If you’ve just received your invitation to interview at Oxford or Cambridge – and congratulations if you have – you may have begun to wonder exactly how your time up at Oxford or Cambridge will be spent. Who will look after you? How will you fill your non-interviewing hours? How will you know where to go and what to do? So that you go up prepared and – more importantly – to minimise the risk of you missing any interviews (which are very difficult to reschedule so please make sure you don’t!) we have put together a little guide to what you might encounter during the interview period.
An informal meeting with your tutors
In your invitation to interview – or when you arrive at the interview itself – you may be invited to go to an informal meeting with the tutors in your subject. This is an opportunity for you to meet the people who will be interviewing you – as well as a chance for them to get to know you a little before they put you on the spot. The idea is that this meeting might go some way to soothing your nerves before the real thing. What this meeting is not is an opportunity to extend your interview – don’t go in trying to impress the tutors with your subject knowledge, or start thinking that every question they ask you they are taking notes on. Be yourself, be polite, be confident and take part in the conversation. Leave the academics to the real interview.
The notice board
This is where all the information goes up – the oracle of interviews if you like. It might be in the porters lodge, the common room or in the hall. Most likely it will be pointed out to you when you first arrive, but if not, make sure you find out where it is. If you are interviewing at Oxford, you may be pooled to different colleges, or have fresh interviews in the same college scheduled. At Cambridge, interview rooms might change, or your second interview at another college might be posted up a little later. It’s really important that you stay on the ball and alert at all times. If you miss an interview it is very unlikely that you will be able to reschedule it due to the huge amount that the university is trying to fit in to ensure that everyone is given a fair chance. So watch that board like a hawk!! If you are told that you will have an interview at a different college, you will in most cases be taken to it by a current student, but it is your responsibility to check that this is being organised. It is, after all, your place that is resting on the interview.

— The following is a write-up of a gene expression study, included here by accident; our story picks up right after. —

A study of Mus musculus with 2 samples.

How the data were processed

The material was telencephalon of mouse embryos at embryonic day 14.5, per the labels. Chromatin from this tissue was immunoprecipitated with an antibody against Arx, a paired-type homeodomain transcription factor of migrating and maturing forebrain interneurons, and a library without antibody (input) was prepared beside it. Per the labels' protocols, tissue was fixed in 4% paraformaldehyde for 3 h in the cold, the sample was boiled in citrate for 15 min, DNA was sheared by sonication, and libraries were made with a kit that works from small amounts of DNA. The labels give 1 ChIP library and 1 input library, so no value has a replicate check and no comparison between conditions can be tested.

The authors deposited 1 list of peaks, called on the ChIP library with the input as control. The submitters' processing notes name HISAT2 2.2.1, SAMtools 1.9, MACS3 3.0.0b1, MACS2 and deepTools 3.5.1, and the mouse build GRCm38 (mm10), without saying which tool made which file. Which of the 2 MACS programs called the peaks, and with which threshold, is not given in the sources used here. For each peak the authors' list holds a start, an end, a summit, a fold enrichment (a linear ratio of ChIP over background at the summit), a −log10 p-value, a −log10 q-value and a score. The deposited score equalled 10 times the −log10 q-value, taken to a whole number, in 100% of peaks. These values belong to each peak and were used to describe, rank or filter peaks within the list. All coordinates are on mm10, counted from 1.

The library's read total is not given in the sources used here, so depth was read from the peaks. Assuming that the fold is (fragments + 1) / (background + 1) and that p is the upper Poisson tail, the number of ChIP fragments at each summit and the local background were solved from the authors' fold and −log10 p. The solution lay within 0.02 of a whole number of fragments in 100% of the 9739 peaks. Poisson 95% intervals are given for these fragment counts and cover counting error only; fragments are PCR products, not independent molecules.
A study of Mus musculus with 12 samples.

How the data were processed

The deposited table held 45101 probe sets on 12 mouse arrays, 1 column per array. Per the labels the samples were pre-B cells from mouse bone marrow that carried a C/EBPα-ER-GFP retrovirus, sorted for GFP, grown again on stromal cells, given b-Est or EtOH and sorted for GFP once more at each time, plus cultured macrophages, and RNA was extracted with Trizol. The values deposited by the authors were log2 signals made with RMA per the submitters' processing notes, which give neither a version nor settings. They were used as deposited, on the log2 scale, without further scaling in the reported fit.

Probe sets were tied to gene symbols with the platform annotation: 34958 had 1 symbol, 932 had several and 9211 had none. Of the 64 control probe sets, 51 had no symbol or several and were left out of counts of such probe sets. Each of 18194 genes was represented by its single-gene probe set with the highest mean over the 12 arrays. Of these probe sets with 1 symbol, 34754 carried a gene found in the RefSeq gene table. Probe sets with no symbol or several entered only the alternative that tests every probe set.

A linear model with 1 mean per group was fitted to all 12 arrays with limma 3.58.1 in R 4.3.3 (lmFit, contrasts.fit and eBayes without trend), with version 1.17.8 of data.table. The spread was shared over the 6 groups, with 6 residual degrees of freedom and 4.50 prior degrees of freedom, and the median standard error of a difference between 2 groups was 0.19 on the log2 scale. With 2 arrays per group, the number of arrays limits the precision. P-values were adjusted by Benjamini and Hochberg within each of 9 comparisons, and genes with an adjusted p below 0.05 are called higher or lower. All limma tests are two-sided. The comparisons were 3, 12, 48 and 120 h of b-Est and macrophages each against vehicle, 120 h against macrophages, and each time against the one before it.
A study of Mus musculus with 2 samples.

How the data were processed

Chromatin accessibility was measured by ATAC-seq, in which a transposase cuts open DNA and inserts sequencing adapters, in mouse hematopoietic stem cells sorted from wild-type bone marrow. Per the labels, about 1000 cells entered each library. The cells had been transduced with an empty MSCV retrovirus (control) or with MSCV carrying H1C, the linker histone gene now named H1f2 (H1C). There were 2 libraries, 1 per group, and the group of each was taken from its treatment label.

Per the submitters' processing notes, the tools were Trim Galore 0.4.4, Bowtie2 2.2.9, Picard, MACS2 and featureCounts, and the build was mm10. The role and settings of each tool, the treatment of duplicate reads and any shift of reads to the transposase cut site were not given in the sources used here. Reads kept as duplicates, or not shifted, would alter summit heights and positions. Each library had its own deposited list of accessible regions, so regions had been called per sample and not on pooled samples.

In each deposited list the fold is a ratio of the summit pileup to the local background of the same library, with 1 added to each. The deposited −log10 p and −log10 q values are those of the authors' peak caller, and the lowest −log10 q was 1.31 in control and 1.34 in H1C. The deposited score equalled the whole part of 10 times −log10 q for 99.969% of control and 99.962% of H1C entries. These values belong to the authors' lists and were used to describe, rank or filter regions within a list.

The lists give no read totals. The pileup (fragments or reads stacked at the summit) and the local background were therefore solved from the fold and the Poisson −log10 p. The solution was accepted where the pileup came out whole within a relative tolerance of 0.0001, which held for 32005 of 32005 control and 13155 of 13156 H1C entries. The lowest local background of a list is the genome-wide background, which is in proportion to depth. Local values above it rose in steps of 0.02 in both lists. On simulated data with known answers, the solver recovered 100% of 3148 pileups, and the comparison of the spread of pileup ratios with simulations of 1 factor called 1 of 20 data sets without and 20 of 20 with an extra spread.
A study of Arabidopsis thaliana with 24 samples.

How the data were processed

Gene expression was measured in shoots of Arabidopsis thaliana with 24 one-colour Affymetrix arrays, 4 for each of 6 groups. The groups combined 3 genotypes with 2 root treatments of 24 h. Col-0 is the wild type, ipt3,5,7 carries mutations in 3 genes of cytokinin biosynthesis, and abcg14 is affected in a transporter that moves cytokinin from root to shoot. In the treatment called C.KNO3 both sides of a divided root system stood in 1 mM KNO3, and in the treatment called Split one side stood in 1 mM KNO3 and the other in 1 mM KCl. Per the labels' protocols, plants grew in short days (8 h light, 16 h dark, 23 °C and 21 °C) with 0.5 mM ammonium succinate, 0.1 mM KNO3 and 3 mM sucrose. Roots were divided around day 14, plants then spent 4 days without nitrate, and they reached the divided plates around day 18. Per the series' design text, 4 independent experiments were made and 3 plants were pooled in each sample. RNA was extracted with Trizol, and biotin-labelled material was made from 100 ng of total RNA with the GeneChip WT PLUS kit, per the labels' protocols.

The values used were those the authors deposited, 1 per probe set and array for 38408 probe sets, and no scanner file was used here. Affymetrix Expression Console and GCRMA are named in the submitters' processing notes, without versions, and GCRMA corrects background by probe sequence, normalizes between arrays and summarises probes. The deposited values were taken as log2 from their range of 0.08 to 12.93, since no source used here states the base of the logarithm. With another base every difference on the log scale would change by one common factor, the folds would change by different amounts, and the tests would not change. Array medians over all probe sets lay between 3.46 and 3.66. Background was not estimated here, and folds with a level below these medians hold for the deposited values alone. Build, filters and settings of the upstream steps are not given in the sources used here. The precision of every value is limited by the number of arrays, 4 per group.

This brings us nicely on to the student helpers. These are current undergraduates who volunteer to work over the interview period and look after you. They are usually friendly, helpful people – and are picked because of this – so don’t hesitate to ask them any questions that you might have. They will also be the people who walk you over to your interviews at other colleges, so if you are interviewing elsewhere, check in with one of the students who will explain the logistics to you.
Eating, drinking and sleeping
If your interview goes on for more than a day, you will be looked after in the college and all your accommodation and food organised for you. The college will also lay on activities for you in the evenings – such as film nights, trips out and maybe even a quiz! You don’t have to attend, but it is very important to take a break from the stress for a little while. One word of warning: the interview period is not the time to connect to your inner a party animal. It may be tempting to go out with your new found friends, but you really need to stay on top form for your interviews. Get a good night’s sleep, eat healthily and don’t lose focus – this is the final and most important hurdle. As ever, we wish you all the best of luck for your interview! And for mock interview practice with Oxbridge graduates who have been through this process before, book a place on our Interview Preparation Package.